Enbridge Must Restore Environment Injured by
2010 Kalamazoo River Oil Spill
Birds oiled during a 2010 spill in Michigan on a Kalamazoo River tributary.
Photo by USFWS
June 8, 2015
Federal, state and tribal officials, acting as natural resource Trustees, announced a natural resource damage (NRD) settlement with Enbridge that will result in multiple resource restoration projects along the Kalamazoo River and will pay an additional sum of nearly $4 million. The NRD settlement addresses environmental injuries caused by the 2010 rupture of Enbridge’s Line 6B pipeline in Michigan that resulted in one of the largest inland oil spills in United States history. Trustees arrived at the NRD settlement in conjunction with a comprehensive settlement between the State of Michigan and Enbridge. The NRD settlement, which is being filed in federal court, provides funding to the Trustees to conduct natural resource restoration, reimburses agencies for assessment and restoration costs, and incorporates additional requirements from the state settlement for Enbridge to conduct restoration and monitoring. More details on the NRD settlement can be found at http://www.fws.gov/midwest/es/ec/nrda/MichiganEnbridge/.
May 14, 2015
Contaminants Specialist is Part of a Team that Wins a National Award from U.S. EPA
U.S. EPA included Dr. Lisa L. Williams of the East Lansing Field Office as part of the Midland Areas Soil Cleanup Team that has just received the 2015 National Notable Achievement Award for Outstanding Use of Innovative Approaches to Achieve RCRA Permitting or Corrective Action Program Goals.
Sharing with Tribes: FWS Role in NRDAR Presented at 2nd National Tribal NRDAR Conference
U.S. Fish and Wildlife Service Protects Northern Long-eared Bat as
Threatened under The Endangered Species Act
Northern long-eared bat showing symptoms of white-nose syndrome; a disease caused by the fungus, Pseudogymnoascus destructans.
Photo Courtesy of Steve Tayler; University of Illinois
April 1, 2015
The U.S. Fish and Wildlife Service announced today it is protecting the northern long-eared bat as a threatened species under the Endangered Species Act (ESA), primarily due to the threat posed by white-nose syndrome, a fungal disease that has devastated many bat populations.
At the same time, the Service issued an interim special rule that eliminates unnecessary regulatory requirements for landowners, land managers, government agencies and others in the range of the northern long-eared bat. The public is invited to comment on this interim rule as the Service considers whether modifications or exemptions for additional categories of activities should be included in a final 4(d) rule that will be finalized by the end of the calendar year. The Service is accepting public comments on the proposed rule until July 1, 2015 and may make revisions based on additional information it receives.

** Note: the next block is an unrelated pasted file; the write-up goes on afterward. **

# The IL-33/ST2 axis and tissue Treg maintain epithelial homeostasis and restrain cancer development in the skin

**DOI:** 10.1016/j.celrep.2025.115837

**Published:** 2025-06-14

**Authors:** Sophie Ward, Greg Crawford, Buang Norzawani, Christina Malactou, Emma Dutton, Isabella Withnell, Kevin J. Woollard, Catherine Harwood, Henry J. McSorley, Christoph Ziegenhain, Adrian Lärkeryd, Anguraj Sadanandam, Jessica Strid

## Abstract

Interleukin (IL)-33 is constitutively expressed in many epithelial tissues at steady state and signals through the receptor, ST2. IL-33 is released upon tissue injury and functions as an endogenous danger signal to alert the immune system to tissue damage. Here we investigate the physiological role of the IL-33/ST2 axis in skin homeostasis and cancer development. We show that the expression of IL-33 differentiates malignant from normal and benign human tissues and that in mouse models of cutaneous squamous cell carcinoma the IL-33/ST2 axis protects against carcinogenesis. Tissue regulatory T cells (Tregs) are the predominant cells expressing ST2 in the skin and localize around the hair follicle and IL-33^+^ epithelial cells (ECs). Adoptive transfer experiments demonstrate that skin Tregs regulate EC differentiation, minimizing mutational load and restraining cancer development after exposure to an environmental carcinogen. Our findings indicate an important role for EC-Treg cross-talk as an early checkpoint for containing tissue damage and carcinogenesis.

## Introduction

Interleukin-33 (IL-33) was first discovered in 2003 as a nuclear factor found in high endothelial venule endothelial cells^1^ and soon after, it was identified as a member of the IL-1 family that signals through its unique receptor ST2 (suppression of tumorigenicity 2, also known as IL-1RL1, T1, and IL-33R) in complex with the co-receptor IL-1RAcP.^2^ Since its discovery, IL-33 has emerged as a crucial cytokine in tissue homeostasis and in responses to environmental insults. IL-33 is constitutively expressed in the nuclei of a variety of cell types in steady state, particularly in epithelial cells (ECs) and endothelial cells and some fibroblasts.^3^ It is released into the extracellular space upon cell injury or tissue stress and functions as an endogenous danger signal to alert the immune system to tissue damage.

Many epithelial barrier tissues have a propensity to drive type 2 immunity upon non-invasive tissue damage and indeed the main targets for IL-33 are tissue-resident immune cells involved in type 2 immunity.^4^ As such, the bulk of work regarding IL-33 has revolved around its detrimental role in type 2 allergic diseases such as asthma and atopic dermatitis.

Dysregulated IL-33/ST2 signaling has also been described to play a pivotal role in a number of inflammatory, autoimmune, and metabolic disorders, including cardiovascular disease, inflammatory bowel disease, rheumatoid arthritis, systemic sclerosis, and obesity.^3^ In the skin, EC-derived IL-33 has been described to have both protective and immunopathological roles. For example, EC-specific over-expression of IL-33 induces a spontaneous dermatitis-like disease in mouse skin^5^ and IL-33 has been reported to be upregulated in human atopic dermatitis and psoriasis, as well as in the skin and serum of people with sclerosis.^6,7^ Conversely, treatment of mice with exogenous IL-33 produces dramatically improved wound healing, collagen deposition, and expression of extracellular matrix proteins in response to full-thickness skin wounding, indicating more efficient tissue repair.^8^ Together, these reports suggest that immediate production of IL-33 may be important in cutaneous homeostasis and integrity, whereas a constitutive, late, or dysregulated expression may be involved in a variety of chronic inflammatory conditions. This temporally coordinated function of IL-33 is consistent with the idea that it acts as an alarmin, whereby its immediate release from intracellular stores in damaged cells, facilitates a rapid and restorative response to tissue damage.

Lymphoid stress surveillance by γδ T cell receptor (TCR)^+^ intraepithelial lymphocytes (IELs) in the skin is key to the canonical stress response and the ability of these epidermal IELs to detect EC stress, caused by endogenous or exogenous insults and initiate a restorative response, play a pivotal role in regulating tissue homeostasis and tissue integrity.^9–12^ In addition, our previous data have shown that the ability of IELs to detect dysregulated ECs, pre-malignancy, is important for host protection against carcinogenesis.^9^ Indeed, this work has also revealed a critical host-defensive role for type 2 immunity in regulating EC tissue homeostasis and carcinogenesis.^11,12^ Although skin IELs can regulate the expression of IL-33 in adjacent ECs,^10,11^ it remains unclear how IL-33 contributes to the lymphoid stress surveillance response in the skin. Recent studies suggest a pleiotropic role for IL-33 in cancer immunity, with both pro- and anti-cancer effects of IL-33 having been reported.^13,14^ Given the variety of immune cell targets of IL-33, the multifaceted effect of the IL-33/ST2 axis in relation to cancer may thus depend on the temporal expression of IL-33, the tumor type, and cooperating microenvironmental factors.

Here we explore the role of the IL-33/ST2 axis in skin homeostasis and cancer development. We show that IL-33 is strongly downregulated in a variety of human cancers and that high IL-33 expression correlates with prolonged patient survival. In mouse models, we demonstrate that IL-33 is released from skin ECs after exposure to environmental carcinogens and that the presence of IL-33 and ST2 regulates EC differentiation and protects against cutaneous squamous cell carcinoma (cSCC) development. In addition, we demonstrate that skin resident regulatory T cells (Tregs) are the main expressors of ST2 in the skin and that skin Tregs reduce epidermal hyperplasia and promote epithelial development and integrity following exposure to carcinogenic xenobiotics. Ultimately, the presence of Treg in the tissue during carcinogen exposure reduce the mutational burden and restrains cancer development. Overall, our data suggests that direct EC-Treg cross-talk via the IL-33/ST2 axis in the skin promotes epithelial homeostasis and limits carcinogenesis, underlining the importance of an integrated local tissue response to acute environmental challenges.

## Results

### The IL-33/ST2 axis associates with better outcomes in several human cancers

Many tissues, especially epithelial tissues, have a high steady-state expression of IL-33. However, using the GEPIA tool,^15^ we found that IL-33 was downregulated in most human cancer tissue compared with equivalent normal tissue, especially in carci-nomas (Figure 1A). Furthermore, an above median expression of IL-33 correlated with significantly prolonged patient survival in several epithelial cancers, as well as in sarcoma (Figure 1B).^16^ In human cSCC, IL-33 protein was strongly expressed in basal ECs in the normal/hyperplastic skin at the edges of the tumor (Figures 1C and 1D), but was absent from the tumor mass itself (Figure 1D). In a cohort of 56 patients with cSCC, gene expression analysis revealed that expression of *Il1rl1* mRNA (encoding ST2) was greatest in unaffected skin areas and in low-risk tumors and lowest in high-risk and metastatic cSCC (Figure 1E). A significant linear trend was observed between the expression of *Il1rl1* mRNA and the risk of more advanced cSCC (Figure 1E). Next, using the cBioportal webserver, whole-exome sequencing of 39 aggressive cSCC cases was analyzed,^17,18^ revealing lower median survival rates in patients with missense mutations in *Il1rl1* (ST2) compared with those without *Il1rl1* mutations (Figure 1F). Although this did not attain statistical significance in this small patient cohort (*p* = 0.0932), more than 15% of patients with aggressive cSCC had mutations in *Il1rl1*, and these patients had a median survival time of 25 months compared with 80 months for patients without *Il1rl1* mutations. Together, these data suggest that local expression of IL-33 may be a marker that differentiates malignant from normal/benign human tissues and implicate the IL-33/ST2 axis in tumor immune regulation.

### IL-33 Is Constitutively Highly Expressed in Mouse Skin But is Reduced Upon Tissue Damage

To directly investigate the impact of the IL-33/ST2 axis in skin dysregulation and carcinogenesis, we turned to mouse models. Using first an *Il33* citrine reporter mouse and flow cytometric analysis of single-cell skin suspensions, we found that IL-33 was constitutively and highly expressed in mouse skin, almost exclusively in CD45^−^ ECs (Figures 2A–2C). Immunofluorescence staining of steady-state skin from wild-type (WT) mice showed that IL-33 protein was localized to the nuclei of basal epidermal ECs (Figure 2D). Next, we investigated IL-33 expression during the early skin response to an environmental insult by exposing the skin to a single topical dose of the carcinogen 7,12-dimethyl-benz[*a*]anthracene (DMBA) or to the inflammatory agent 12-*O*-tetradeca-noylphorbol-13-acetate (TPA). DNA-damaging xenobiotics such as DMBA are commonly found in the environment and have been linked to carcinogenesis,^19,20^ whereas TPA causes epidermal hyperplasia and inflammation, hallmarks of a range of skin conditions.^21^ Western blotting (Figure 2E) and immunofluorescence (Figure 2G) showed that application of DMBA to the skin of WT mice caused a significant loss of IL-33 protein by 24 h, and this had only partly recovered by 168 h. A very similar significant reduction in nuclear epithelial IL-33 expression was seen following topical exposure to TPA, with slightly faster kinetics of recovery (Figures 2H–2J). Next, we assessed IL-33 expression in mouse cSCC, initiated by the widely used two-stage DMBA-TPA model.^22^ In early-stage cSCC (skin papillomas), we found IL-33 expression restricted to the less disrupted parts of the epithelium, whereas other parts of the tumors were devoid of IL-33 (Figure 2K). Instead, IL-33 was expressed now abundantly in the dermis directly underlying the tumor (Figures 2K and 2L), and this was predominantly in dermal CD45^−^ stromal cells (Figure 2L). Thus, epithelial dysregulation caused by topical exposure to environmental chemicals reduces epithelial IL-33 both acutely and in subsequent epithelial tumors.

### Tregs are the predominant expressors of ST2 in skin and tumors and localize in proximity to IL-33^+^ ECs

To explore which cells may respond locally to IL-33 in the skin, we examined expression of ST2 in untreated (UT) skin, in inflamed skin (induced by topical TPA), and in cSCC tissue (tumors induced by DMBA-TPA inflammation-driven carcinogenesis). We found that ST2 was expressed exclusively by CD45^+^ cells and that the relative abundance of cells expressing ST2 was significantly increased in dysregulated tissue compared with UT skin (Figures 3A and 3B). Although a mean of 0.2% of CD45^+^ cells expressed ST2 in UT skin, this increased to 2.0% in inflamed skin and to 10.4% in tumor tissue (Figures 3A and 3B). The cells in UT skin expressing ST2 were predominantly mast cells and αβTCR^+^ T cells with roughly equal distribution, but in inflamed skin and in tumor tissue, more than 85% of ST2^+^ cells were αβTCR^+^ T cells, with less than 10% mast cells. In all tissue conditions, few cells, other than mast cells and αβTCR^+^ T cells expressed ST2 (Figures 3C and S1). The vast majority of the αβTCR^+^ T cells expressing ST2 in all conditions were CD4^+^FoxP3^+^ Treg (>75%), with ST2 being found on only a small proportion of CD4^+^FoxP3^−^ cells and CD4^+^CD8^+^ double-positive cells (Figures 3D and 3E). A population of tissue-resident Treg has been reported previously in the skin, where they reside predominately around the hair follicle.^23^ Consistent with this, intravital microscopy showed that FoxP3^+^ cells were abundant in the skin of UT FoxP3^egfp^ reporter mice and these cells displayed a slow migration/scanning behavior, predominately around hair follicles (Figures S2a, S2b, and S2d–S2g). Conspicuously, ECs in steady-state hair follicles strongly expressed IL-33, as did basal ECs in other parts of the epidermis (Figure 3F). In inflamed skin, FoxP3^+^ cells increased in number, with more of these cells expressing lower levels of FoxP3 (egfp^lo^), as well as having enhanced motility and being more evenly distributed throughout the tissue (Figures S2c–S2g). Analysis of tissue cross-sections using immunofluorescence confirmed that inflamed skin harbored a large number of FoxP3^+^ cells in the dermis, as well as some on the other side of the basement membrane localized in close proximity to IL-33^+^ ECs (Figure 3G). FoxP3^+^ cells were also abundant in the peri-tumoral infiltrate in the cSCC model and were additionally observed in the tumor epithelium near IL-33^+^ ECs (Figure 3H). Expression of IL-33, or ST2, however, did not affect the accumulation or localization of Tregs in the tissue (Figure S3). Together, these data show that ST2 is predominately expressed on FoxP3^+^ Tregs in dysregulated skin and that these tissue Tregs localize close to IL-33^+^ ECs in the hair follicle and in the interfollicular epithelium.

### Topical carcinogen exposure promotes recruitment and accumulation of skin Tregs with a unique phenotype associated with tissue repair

Northern Long-eared Bat - Michigan Known Hibernacula and Roost Tree Locations - Updated May 15, 2015 (5-page PDF )
Service Teams With Conservation Partners to Launch
Campaign to Save Beleaguered Monarch Butterfly
Monarch butterflies on New England aster.
Photo Courtesy of Joel Trick
February 9, 2015
The U.S. Fish and Wildlife Service (Service) today launched a major new campaign aimed at saving the declining monarch butterfly. The Service signed a cooperative agreement with the National Wildlife Federation (NWF), announced a major new funding initiative with the National Fish and Wildlife Foundation (NFWF), and pledged an additional $2 million in immediate funding for on-the-ground conservation projects around the country. Introducing the new initiatives at the National Press Club in Washington, D.C. were Service Director Dan Ashe, U.S. Senator from Minnesota Amy Klobuchar, NWF President and CEO Collin O’Mara, and NFWF representatives.
Jan. 30, 2015: Youth across the nation are encouraged to apply to the 2015 Saving Endangered Species Youth Art Contest. The contest encourages kids to express their knowledge and support of conservation efforts through creative and original artwork. The contest also promotes ...
U.S. Fish and Wildlife Service Proposes Special
Rule to Focus Protections for
Northern Long-Eared Bat:
Rule Would Apply if Species is Listed as Threatened under the Endangered Species Act
Northern long-eared bats hibernating in a cave in Missouri.
Photo Courtesy of Missouri Department of Conservation
January 15, 2015
In response to the rapid and severe decline of the northern long-eared bat – a species important for crop pest control – the U.S. Fish and Wildlife Service is proposing a special rule under the Endangered Species Act (ESA) that would provide the maximum benefit to the species while limiting the regulatory burden on the public.
If finalized, the rule, under section 4(d) of the ESA, would apply only in the event the Service lists the bat as “threatened.” The Service’s proposal will appear in the Federal Register Jan. 16, 2015, opening a 60-day public comment period.
“White-nose syndrome is having a devastating effect on the nation’s bat populations, which play a vital role in sustaining a healthy environment and save billions of dollars by controlling forest and agricultural pests,” said Service Midwest Regional Director Tom Melius. “We need to do what we can to make sure we are putting commonsense protections in place that support vulnerable bat species but are targeted to minimize impact on human activities. Through this proposed 4(d) rule, we are seeking public comment on how we can use the flexibilities inherent in the ESA to protect the bat and economic activity.”